Love may seem like the wrong word for embracing the natural tendency to disintegrate. But I think of the way bones are constantly reshaping themselves in a living body, calcium depositing in stalactite ridges—but also dissolving, rebuilding, becoming something else.Three weeks ago, my eleven-year-old son jumped too hard down a hill and did temporary damage to the growth plate in one leg. I didn’t know about growth plates before I saw his X-rays—but there they were, ghostly lumps of soft tissue at the top and bottom of his femur. “Bone-building factories,” his orthopedist said, but they looked more like shadowy possibilities to me, as if growth and destruction could overlap each other at the same moment. As if I’d been offered a rare glimpse into the future.
He ended that day on crutches, sternly instructed to keep all weight off that leg and hip. The adventure quickly soured. As my fierce, jittery boy struggled to hold back tears, I held back my own ticking sense of life’s unfairness.
At the close of every year, entropy is always in the emotional background for me. Its dark shimmer feels more obvious as I grow older. Gathered with my family around the Christmas tree, I know the pretty gifts will all be opened in minutes, the wrapping shredded; the brown needles will fall; the much-loved ornaments will soon be stored away.
Last year, my husband set up his camera to take a time-lapse video of us decorating the tree, which, when replayed, condensed everything into a speedy couple of minutes. It’s fun to watch a time or two. But then that shimmer kicks in for the adults in the room, that sense that everything happens too fast.
My mother died in January, and since then, I’ve often felt like somebody strapped to the mast of a ship in a storm. Oh, I have been angry—as enraged as huge waves busting apart the timbers. I’ve tumbled into the slough of despond, lost myself in numbed sleep full fathom five, amid useless pearls and sand.
I’ve been all the things that psychologists dictate—a cursing monster chipping ice off my windshield, a sopping rag of tears on my husband’s shoulder—and I’ll continue to feel those things, but in no neat order, even if I could speed up the camera. Entropy isn’t neat.
I hate you, Life, with your sneaky promises that never last, the constant rug pulls, you thug, you demon, you goddamn faceless void. You EMPTINESS.
But here is where the love comes in, too, a hard love that’s stuck by me. After I’ve cried and sleepwalked through another work day, the meaninglessness can be a relief. I do what I can, but in the end, I can’t change a thing. I can only love and rage. I can love, terrified as I may be to expose what I feel, and that love will constantly rebuild and reshape itself.
I love you, Life, with your sneaky promises that never last, the constant rug pulls, you thug, you demon, you faceless sweetness. You bright fire.
Last Christmas, I saw my mother smiling, as she struggled to thank me for her gifts and to tell her grandson she loved him. In less than a month, she was gone, and during her final week of life, when she couldn’t speak, I envisioned her molecules scattering like tiny mica flecks of light, blending into everything else.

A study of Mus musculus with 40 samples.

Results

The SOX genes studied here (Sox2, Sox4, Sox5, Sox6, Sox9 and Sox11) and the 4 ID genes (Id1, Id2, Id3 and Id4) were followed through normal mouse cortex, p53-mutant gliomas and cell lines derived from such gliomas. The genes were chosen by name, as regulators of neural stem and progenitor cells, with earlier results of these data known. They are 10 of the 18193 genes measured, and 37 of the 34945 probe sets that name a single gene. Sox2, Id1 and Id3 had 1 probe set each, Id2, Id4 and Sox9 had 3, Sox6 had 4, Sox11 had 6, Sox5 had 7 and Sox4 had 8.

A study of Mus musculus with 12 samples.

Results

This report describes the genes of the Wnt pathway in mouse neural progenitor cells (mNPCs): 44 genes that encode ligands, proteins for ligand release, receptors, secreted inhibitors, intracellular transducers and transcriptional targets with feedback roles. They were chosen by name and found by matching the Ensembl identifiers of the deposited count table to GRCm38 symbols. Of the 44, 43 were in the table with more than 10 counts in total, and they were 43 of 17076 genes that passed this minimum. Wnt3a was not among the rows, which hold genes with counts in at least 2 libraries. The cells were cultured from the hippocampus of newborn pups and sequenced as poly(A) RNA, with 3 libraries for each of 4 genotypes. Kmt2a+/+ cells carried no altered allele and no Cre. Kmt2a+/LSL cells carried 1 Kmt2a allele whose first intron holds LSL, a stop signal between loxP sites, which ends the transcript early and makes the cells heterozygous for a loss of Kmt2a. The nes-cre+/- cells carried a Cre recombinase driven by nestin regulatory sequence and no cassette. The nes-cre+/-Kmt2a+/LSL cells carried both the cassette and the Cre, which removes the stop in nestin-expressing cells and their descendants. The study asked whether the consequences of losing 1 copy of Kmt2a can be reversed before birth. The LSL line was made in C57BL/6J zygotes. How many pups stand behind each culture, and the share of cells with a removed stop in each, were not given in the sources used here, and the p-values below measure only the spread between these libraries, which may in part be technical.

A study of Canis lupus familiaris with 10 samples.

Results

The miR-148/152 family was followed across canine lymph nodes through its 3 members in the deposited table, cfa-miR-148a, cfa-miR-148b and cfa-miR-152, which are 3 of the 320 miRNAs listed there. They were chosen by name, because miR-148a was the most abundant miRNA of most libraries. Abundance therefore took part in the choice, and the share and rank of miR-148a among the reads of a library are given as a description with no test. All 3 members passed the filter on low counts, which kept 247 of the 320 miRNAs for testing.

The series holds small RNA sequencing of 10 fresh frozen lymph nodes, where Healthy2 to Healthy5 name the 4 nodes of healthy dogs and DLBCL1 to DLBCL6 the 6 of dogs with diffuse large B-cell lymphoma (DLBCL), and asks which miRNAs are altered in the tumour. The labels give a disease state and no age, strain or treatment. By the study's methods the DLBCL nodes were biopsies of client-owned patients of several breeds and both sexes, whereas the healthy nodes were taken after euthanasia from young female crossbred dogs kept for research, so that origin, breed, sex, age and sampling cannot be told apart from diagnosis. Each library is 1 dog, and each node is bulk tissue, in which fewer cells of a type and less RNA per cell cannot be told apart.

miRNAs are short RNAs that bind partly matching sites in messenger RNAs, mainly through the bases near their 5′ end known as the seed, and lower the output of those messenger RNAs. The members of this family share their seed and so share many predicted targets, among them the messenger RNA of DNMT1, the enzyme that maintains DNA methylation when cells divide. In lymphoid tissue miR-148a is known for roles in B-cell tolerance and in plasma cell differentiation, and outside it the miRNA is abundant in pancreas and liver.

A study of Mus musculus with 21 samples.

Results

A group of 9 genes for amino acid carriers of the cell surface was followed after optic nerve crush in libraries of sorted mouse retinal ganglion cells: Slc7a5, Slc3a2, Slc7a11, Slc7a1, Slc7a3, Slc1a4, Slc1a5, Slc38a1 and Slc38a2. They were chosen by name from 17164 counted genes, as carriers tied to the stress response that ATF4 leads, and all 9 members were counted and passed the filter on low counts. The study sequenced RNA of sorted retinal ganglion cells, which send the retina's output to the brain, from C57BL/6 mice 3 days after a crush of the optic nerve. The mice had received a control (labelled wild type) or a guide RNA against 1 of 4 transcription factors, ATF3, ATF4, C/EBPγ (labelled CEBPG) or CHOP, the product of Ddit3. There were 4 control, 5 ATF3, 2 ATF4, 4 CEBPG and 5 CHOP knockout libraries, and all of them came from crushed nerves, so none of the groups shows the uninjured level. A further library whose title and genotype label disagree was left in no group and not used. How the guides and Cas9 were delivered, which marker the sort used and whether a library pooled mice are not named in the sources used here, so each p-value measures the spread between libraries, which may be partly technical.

Last week, I felt as if the inside of my skull were furred with the color of a morning glory: dark blue, midnight blue, the middle of a bruise.
Last week, whenever I tried to read in the afternoon, I would drift into sleep. I grabbed for that oblivion; I longed to blank out all feeling. And yet, I kept waking up, and something else would go wrong—I’d get into a fender bender, my car door banged in—then something else would go shockingly right—the driver of the other car accepting full responsibility, a blow for ethics in a corrupt world.
My son would get the doctor’s nod to abandon his crutches. He’d decide to cut off his beautiful long hair and look so different. He’d look so new.
Things fall apart. Things fall apart. But so what? The top of the sky is blue. Glorious mourning blue.
Today, I’ve started reading the poet Christian Wiman’s My Bright Abyss, his 2012 “Meditation of a Modern Believer.” Much of this dark year, I’ve hesitated to begin his bracing take on the creative impulse, faith, and mortality. But now, every line of it speaks to me. Wiman evokes a kind of radical entropy, too—or a need to accept its shimmering, unexpected gifts. As he writes in the following passage:
Our minds are constantly trying to bring God down to our level rather than letting him lift us into levels of which we were not previously capable. This is as true in life as it is in art. Thus we love within the lines that experience has drawn for us, we create out of impulses that are familiar and, if we were honest with ourselves, exhausted. What might it mean to be drawn into meanings that, in some profound and necessary sense, shatter us? This is what it means to love.